Sep 14, 2020 This feature was originally published in 2018, and has been lightly re-edited.
Fans of co-op games on PC are, it’s fair to say, spoilt for choice. But even in this heady space, occupied as it is by innumerable classics of the working together bent, there are two games with stand head and shoulders above them all. For my money, at least, Valve perfected co-op nearly 12 years ago with Left 4 Dead. Don’t @ me.
Shooting zombies was a tired proposition even way back in the misty annals of November 2008 when the first Left 4 Dead launched. But Valve imbued the project with its familiar brand of magic, and today there are still thousands of people regularly logging in with friends to chop back those same hungry, undead hordes.
The reason for that is not our devout love for popping scabby heads off of rotting shoulders (though that surely plays a small part); nor is it a manifestation of our communal, unquenchable thirst for Valve games – it’s thanks to a certain idea hidden deep in the game’s bowels.
The key to Left 4 Dead’s longevity is a nifty, much-discussed piece of a technology called the AI Director. I imagine this enigmatic, coded facsimile of George Romero is holed up in a virtual control room somewhere just out of view, overseeing everything as you work your way through L4D’s frantic set of interactive horror vignettes.
It knows when your ammunition is running low. It knows when you stray too far from your buddies. It’s always watching.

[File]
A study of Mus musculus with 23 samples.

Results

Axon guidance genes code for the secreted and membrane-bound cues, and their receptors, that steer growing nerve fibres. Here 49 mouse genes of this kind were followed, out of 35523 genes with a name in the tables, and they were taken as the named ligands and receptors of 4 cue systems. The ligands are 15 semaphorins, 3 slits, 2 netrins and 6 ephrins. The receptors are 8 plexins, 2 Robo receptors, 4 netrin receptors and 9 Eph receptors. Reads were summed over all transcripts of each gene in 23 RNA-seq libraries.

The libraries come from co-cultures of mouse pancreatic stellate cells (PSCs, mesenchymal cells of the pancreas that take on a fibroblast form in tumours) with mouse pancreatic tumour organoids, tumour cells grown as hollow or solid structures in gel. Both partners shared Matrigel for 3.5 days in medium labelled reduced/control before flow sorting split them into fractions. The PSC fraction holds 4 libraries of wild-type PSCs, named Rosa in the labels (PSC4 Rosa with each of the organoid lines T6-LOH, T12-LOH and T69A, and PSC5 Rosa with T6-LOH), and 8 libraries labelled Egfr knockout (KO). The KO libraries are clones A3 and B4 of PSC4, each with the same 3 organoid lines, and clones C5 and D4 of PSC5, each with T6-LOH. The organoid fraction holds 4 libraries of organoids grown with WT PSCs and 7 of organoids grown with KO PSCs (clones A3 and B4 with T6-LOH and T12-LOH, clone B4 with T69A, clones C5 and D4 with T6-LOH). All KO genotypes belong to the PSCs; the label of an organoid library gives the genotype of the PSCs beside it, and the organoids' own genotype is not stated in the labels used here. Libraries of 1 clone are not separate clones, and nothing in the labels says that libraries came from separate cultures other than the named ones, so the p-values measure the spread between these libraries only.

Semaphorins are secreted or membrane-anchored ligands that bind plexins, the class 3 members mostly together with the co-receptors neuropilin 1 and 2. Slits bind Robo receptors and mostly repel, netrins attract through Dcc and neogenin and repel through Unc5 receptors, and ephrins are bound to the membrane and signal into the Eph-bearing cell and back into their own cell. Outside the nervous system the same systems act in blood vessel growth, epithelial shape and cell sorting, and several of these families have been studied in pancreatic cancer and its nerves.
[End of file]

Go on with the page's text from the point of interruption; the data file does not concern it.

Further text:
It knows when you stray too far from your buddies. It’s always watching
Oh, and it’s a master of suspense, too: it plays cruel tricks on you by cueing ominous music during quiet moments; it teases you with a stash of ammunition that is sat just outside your reach, perhaps in a dark corner, where something awful might be lurking; and, just when you’re at your most vulnerable, it spawns an overwhelming horde of unrelenting zombies for you to deal with.
Valve’s AI Director analyses everything you and your buddies do as you shoot your way through Left 4 Dead’s levels and varies the pacing, difficulty, and mood in response. Its job is to make every playthrough of the game different but, more than that, it aims to deliver a thrilling experience whether it is your first time playing or your thousandth. And it’s really good at its job.
As a result, every step you take in Left 4 Dead feels as if it was painstakingly crafted by a team of narrative specialists. Nothing about Left 4 Dead feels randomly generated. The game whips up truly gripping, one-of-a-kind scenarios on the hoof – scenarios no one but you and your buddies could ever call their own.